July 3, 2007

FR.OG, which stands for France Origine, opened in April with obvious ambitions to become a trendy destination, like Balthazar across the street. Linda and I dined at FR.OG on July 1, 2007 as we liked the concept: the best cuisines of the French Empire: Lebanon, Morocco and Indochina. frb.jpg

We each started with the Prise de Saffran, which we liked a lot. Ifrb.jpgfrb.jpgt was a classic Champagne cocktail, with a bit of sugar and bitters, plus saffron threads. With the meal we had a bottle of 2003 Musar Cuvée Rouge from the Bekaa Valley in Lebanon. I have been enjoying Musar wine from time to time for many years. Despite very difficult conditions, they maintain high standards and manage to export. One wine merchant says:

Chateau Musar has been producing wine in Lebanon since the 1930s, and planted its vineyards in one of the world’s oldest wine-producing regions. While the Musar “Cuvee Rouge” may be similar in color and body to a Pinot Noir, this is a particularly unique red. A blend of Cinsault, Carignan, Cabernet Sauvignon and Syrah, it is composed similarly to the winery’s much more expensive Chateau Musar but is suited for immediate drinking. Delicate, earthy undertones accent flavors of raspberry, pomegranate, cherry and cranberries with spicy aromatics. Though engaging on its own, the Musar Cuvee Rouge is a great choice to drink with lamb. 

We didn’t have a wine-friendly meal, but the Musar Rouge stood up to the challenge. 


The amuse-gueule was a plate of hot, fresh, spicy flatbreads with a dipping sauce of tomato, chickpea, cilantro and harissa, the fiery Moroccan condiment. 


Linda’s starter was foie gras sautéed with ginger crust, sesame potato, mango coulis, soy-balsamic sauce. She thought that the foie gras was excellent, but that the potato was surprisingly bland.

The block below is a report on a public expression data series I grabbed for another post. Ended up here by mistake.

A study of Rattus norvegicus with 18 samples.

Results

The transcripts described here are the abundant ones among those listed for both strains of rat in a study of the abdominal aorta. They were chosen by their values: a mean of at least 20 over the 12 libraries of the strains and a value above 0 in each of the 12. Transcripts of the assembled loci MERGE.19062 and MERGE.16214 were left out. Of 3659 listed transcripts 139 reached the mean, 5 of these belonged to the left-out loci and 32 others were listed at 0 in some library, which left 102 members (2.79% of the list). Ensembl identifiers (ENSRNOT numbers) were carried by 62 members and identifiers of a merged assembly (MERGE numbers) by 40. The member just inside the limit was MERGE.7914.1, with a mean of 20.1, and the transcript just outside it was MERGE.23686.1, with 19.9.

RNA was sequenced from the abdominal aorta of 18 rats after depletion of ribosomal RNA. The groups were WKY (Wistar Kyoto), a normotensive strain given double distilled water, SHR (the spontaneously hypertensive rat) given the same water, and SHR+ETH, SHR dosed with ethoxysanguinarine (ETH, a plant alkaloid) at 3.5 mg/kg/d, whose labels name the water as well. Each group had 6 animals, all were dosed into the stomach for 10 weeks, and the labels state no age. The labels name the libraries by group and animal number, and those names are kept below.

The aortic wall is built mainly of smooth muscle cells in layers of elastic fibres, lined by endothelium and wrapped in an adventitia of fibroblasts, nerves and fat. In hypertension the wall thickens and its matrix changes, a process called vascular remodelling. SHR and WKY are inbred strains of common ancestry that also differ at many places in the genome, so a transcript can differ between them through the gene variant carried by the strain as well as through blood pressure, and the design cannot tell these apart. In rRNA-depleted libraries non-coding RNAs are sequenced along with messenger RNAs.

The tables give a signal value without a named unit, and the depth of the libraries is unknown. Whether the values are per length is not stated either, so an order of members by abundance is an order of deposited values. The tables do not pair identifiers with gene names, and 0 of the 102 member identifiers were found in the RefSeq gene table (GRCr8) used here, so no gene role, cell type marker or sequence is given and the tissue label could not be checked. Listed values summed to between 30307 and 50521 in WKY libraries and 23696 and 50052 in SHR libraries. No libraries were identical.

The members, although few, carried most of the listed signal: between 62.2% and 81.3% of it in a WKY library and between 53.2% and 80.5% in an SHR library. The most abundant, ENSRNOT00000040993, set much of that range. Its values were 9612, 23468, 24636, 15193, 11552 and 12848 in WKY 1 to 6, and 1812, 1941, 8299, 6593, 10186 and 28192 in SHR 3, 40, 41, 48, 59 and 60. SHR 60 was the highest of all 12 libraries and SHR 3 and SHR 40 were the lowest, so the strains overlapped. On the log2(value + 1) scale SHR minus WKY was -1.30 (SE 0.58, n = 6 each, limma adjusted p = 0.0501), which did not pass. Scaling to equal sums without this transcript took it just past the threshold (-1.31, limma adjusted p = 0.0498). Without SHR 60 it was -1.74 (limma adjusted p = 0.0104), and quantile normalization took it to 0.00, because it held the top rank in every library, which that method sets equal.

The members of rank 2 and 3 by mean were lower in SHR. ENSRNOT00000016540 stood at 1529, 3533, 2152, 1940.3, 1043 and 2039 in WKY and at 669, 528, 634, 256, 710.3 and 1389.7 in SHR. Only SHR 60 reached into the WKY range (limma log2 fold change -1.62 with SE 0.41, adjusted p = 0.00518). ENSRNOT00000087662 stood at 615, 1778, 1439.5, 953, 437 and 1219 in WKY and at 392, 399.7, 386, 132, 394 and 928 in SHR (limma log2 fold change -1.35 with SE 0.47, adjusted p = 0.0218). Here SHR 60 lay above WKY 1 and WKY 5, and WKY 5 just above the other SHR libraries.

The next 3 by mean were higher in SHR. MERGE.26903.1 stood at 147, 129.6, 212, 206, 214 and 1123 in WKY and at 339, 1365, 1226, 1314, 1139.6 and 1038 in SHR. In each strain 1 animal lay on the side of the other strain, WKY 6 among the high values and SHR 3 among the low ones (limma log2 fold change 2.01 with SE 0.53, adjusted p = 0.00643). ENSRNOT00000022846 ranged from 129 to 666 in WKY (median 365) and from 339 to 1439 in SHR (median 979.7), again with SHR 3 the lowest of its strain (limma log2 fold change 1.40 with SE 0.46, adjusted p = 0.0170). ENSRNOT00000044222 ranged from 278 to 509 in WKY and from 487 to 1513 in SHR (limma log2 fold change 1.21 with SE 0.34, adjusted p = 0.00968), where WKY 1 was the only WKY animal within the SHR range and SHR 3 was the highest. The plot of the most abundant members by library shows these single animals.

My starter was shrimp and vermicelli that was supposed to have been prepared with coconut milk, but which came in an overly spicy soy bath.



Linda went on to the Sautéed pork loin with scallion, corn, bacon and savoy cabbage, caramel-ginger sauce. This was quite nice, but seemed to have nothing to do with FR.OG’s theme, unless you count the period when Iowa was French before Jefferson bought it from Napoleon. (The Iowa state flag is a tricolore due its French heritage.)



My main course was Sautéed boneless duck leg in Pastilla, warm salad of zucchini, jerusalem artichoke and tomato confit, basil julienne. I liked the pastilla, a deep-fried triangular envelope of brick filled with rich duck meat with Moroccan spices: cinnamon, cloves and cardamom, I would guess. On the other hand, the vegetables seemed like a missed opportunity. They were as uninteresting as a zucchini-based dish usually is.



For dessert we shared the dates stuffed with mascarpone. They were served with rum-raisin ice cream, a mound of candied raisins and very nice wedges of cinnamon flavored brick. Good and appropriate. 

The décor is vaguely oriental/modern. The bathroom is sensational. The music was terrible when we arrived, but calmed down. There were not many customers on this Sunday night in July, but the overly-attentive waitress assured us that they were full every Friday and Saturday. Our bill, including tax and tip, was just over $200, which isn’t bad for New York. I am glad we tried FR.OG, but we will not rush back. I think their success from now on will depend more on their PR efforts than their kitchen.